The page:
Late at night on Dec. 5, 2016, the respected imam of one of the biggest mosques in Texas allegedly invited an 18-year-old to a prepaid room at the Motel 6 in Grand Prairie.
The young woman, identified as Jane Doe in the lawsuit she filed in July of this year, said she agreed to go to the motel because the man, Zia Ul-Haq Sheikh, was a trusted spiritual guide who’d counseled her since she was 13. He was privy to her biggest teenage problems — an absentee father, discord with her mother, bullies at school.
The lawsuit depicts a man who was more like a savior or a Svengali than a counselor, using his power over Doe to make her dependent on him. He helped her buy a car and loaned her cash for tuition and a laptop. He helped Doe navigate a turbulent home life and essentially stepped in as a father figure. She even began calling the imam Baba, Arabic for Dad.
In a counseling session in 2016, the lawsuit says, Sheikh introduced a sexual dimension to their closeness, floating the idea of marriage, though he was already married and in his 40s, more than 20 years her senior. Doe was shocked, she says in the suit, but felt so indebted to him that she did whatever he asked, even as the requests grew increasingly lurid: Belly dance. Send a picture of herself in lingerie. Sext every day. Touch herself as he watched on video chat.
And, finally, a text message summoning her to an unknown address that turned out to be the Motel 6.
She showed up assuming that she and the imam would talk, like they always did. But then he “emerged from the bathroom completely naked and instructed Jane to sit down on the bed,” according to the lawsuit. Doe was confused and scared, the suit says, but she complied for fear of upsetting Sheikh and losing him in her life. Sheikh had sex with Doe, then ordered her to get dressed, saying he had to get back to the mosque in time to lead prayers, the lawsuit says.
What happened in the motel room, the lawsuit argues, wasn’t a romantic tryst but the culmination of years of exploitation, an influential religious leader taking advantage of a struggling teen.
Doe’s story is coming to light after a yearlong investigation by Facing Abuse in Community Environments, or FACE, a new Texas-based nonprofit led by Muslim women pushing for transparency and victims’ rights in the handling of abuse claims in Islamic settings. The report became public on Oct. 9, a watershed moment in the fight to hold Muslim leaders accountable, but it’s still only a tiny glimpse of the obstacles Muslim women face in reporting abuse.
Sheikh’s attorney, Hershel Chapin, declined an interview but issued a statement disputing Doe’s claims. The statement says Sheikh “looks forward to responding to the allegations against him through the process of the pending litigation. He is confident that the evidence will establish that the lawsuit against him lacks merit.”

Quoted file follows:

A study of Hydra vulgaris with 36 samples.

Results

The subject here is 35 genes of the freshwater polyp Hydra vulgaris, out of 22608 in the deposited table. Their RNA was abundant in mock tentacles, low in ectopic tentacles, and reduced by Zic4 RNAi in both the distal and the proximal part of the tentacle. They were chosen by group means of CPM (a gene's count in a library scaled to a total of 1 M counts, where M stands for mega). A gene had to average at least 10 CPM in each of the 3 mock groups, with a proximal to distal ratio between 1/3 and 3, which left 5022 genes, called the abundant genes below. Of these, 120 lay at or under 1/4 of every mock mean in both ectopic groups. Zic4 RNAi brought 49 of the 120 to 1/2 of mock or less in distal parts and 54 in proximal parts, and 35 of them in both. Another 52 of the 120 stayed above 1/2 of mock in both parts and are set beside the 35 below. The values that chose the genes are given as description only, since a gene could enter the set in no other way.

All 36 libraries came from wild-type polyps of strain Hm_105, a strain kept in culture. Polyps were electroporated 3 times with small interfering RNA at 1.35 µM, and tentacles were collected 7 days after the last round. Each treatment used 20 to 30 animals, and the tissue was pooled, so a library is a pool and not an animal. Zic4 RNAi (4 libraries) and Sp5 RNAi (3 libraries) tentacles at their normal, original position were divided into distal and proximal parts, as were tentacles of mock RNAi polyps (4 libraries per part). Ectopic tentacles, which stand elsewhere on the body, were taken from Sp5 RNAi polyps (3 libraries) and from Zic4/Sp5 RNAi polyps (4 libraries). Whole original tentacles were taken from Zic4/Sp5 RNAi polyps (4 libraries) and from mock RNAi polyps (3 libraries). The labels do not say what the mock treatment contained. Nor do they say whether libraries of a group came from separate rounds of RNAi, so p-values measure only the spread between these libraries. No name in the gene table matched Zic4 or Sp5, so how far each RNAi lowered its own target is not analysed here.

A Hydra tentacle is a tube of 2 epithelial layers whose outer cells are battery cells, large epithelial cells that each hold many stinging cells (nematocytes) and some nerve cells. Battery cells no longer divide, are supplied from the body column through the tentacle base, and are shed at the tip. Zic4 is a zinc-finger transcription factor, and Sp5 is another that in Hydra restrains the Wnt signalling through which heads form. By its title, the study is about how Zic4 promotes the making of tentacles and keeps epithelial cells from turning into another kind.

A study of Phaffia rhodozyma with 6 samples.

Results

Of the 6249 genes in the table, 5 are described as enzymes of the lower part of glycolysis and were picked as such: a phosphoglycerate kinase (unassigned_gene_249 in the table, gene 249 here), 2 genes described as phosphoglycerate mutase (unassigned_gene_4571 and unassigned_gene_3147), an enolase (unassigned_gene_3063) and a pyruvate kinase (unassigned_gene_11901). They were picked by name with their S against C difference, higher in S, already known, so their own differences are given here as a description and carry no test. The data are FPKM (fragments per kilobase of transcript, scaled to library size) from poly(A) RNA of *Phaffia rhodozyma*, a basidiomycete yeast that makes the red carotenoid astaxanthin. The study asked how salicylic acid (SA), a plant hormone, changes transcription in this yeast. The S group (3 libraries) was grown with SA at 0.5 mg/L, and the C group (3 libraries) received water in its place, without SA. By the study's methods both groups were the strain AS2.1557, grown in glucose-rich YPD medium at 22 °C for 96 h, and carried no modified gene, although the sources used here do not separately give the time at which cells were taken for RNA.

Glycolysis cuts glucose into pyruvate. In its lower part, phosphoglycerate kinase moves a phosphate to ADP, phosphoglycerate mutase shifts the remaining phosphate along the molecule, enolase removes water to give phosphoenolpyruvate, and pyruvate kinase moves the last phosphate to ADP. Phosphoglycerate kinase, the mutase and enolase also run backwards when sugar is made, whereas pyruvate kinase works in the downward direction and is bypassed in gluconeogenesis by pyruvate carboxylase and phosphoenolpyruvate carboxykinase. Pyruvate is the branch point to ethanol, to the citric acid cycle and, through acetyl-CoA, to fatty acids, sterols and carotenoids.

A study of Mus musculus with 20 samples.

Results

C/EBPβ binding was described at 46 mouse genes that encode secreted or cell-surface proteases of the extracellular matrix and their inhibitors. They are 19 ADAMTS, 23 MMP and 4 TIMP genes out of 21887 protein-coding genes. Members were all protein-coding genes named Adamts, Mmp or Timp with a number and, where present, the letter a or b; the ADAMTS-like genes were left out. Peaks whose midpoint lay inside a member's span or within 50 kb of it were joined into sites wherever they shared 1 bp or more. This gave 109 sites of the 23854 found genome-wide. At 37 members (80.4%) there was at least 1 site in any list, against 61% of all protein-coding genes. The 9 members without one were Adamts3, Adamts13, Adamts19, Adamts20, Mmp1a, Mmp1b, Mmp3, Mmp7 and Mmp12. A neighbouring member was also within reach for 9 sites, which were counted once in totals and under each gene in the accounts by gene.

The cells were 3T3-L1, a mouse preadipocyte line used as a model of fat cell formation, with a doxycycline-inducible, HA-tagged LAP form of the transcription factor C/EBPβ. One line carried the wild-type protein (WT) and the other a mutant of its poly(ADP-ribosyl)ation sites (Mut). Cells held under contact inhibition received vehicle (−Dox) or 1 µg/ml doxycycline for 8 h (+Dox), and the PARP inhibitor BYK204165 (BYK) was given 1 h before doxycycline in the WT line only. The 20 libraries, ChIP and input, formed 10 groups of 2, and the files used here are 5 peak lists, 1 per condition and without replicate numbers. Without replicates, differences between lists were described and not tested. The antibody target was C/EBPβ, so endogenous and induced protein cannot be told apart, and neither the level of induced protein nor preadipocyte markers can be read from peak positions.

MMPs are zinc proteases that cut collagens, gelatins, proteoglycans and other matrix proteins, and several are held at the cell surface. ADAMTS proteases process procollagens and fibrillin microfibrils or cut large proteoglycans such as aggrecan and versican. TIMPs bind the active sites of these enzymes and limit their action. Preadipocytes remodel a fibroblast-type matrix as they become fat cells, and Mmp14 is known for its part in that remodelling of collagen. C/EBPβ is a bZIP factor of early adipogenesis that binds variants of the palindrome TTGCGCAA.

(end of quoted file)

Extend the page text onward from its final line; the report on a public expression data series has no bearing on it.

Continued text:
If it’s rare for Muslim women to publicly accuse their religious leaders of misconduct, it’s virtually unheard of for them to sue. Even with her identity concealed in court records and the FACE report, Doe runs the risk of her name being leaked by Sheikh’s supporters, a nightmare for young women in conservative religious circles — Muslim or otherwise — where such gossip can hurt a family’s social standing and limit marriage prospects.
For the past year, Muslim women activists and scholars have warned that their communities are being left out of the #MeToo reckoning because of traditions that enforce a culture of silence. Efforts by some Islamic scholars to overhaul the handling of misconduct claims are underway but so far haven’t yielded tangible results, leading some activists to fear a Catholic Church–style blowup if accusations aren’t addressed more urgently.
“Our client filed this suit in hopes that it will prevent future abuse of vulnerable people by the defendant or any person in power,” Doe’s attorneys, Farhana Querishi and Asiya Salejee, said in a statement. “We hope that the action of our client will motivate other victims to also come forward.”
Lawyers for Doe and the mosque brokered a letter outlining the claims and the imam’s denial of wrongdoing, according to the FACE report. The letter, which BuzzFeed News reviewed, said Sheikh could no longer serve as a religious leader in any capacity and deemed him “not eligible for rehire.” Then, in an unprecedented move among US mosques, the Irving board agreed to send the letter to 2,000 Islamic centers across the country.
But if the goal of the nationwide alert was to bar Sheikh from ever working as a religious leader again, it failed.
In August, Sheikh was hired as imam of the Grand Prairie Masjid, just 9 miles away.